A Look Into Maurice Sendak's 'In the Night Kitchen'

The book created controversy for the beloved children's author

Maurice Sendek was also known for his children's book, In the Night Kitchen.

Everyone best knows author and illustrator Maurice Sendak, who died today, for his childhood classic Where the Wild Things Are, published in 1963. But less people know that the children's author also took on a food-themed adventure in his 1970 book In the Night Kitchen.

The story follows a boy, Mickey, who dreams that he falls into a magical place — the night kitchen. In this kitchen, bakers try to bake him into a cake — using him as an ingredient — but he is able to escape with his plane made out of dough. He flies into the air to get the bakers their morning milk for their cake, and slides down the milk bottle back into his bed.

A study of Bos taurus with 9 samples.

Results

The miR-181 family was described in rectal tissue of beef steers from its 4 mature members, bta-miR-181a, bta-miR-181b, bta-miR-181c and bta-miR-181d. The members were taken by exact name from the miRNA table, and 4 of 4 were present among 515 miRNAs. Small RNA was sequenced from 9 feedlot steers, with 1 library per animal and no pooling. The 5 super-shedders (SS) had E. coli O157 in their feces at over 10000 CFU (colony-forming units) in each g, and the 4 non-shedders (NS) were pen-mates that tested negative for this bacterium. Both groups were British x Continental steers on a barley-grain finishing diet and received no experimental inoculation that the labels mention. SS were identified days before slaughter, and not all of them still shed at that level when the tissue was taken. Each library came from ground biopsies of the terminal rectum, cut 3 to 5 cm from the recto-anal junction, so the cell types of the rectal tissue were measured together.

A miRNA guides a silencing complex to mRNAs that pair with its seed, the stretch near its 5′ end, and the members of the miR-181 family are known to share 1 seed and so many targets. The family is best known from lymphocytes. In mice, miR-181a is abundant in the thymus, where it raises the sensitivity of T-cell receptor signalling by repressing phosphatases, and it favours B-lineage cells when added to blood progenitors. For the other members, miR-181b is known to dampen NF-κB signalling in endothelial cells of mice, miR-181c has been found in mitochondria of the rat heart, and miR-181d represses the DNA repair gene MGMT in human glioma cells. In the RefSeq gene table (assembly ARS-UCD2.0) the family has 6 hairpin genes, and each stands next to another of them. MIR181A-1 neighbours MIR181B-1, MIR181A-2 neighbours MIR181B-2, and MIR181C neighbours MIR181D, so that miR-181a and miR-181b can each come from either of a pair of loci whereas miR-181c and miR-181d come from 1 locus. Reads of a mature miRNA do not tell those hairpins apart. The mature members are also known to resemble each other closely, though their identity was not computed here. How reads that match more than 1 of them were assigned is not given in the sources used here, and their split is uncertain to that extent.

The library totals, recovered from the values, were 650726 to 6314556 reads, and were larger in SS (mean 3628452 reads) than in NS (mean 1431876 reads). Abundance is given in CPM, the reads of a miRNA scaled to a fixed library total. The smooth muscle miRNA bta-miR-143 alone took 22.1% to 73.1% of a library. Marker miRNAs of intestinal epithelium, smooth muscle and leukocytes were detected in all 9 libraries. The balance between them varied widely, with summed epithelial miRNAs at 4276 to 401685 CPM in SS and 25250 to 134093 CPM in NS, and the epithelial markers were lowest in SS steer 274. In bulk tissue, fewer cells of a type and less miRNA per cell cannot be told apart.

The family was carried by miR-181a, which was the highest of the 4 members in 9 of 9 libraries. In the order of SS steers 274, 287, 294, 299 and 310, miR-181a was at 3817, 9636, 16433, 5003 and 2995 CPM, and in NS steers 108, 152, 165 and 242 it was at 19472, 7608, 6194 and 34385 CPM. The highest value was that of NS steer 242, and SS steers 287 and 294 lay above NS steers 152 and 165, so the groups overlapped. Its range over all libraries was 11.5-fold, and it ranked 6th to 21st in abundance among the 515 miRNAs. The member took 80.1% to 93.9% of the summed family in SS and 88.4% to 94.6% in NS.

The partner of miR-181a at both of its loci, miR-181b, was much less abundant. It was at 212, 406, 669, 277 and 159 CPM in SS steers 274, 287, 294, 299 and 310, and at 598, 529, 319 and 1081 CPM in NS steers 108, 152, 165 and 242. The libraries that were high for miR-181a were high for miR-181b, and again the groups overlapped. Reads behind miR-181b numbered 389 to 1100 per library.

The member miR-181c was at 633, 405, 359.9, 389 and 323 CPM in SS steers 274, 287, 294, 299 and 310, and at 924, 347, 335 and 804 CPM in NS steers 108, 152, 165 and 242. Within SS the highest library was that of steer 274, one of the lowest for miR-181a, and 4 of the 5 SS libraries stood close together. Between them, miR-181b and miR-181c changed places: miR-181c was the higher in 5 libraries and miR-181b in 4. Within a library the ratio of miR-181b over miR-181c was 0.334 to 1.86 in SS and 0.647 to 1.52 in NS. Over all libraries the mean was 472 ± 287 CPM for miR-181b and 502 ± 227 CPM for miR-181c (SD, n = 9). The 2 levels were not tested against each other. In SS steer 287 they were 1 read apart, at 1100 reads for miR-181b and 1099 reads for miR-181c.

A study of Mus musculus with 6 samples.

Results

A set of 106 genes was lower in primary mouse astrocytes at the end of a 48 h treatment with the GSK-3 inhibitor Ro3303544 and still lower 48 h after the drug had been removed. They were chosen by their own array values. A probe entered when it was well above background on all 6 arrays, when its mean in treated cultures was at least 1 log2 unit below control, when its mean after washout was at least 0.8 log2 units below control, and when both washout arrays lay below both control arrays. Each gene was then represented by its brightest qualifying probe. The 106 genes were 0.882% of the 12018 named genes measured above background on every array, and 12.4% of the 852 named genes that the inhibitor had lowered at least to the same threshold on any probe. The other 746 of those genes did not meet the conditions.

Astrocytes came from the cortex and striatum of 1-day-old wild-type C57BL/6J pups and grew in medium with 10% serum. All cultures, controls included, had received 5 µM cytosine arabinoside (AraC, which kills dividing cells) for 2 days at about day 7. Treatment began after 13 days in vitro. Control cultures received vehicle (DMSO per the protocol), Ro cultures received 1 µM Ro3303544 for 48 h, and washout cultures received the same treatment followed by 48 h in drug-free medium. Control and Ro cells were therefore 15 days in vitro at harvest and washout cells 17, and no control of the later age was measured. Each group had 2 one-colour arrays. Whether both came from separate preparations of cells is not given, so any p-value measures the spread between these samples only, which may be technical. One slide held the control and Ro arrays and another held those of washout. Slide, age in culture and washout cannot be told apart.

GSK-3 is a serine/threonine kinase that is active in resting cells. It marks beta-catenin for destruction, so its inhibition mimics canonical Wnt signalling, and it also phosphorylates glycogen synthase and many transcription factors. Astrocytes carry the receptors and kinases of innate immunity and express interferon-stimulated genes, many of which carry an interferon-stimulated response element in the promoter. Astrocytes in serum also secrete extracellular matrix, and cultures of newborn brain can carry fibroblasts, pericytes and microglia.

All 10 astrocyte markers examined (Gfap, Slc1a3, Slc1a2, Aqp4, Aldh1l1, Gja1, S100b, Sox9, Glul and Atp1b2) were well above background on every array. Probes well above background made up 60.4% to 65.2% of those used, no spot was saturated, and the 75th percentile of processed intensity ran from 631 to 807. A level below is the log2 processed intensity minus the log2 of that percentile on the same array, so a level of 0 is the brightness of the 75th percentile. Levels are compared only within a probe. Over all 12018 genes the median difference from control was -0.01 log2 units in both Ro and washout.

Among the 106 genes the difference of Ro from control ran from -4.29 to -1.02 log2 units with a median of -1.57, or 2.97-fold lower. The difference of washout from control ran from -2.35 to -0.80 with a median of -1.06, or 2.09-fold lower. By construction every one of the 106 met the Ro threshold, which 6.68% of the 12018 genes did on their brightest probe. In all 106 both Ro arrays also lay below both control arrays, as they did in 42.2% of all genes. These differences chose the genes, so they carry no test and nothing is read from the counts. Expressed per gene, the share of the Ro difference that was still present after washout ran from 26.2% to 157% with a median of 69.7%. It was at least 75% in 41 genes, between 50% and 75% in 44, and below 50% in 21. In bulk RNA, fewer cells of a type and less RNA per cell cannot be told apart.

Why so much controversy around the story? Illustrations of Mickey naked — with nothing covering his private parts. As a result, parental groups rushed to ban the book. An interview with the Republican in 1989 (recently republished) shared that Sendak wrote the book when he moved to Connecticut from New York because of his health. He said that by using objects that recreated childhood memories, he aimed to find the "youthful impression that many good things happened while he slept." Plus, he said, he remembered New York as "a place to eat all kinds of food."

Take a look at the illustrated short film In the Night Kitchen below as we reminisce about our favorite Sendak stories.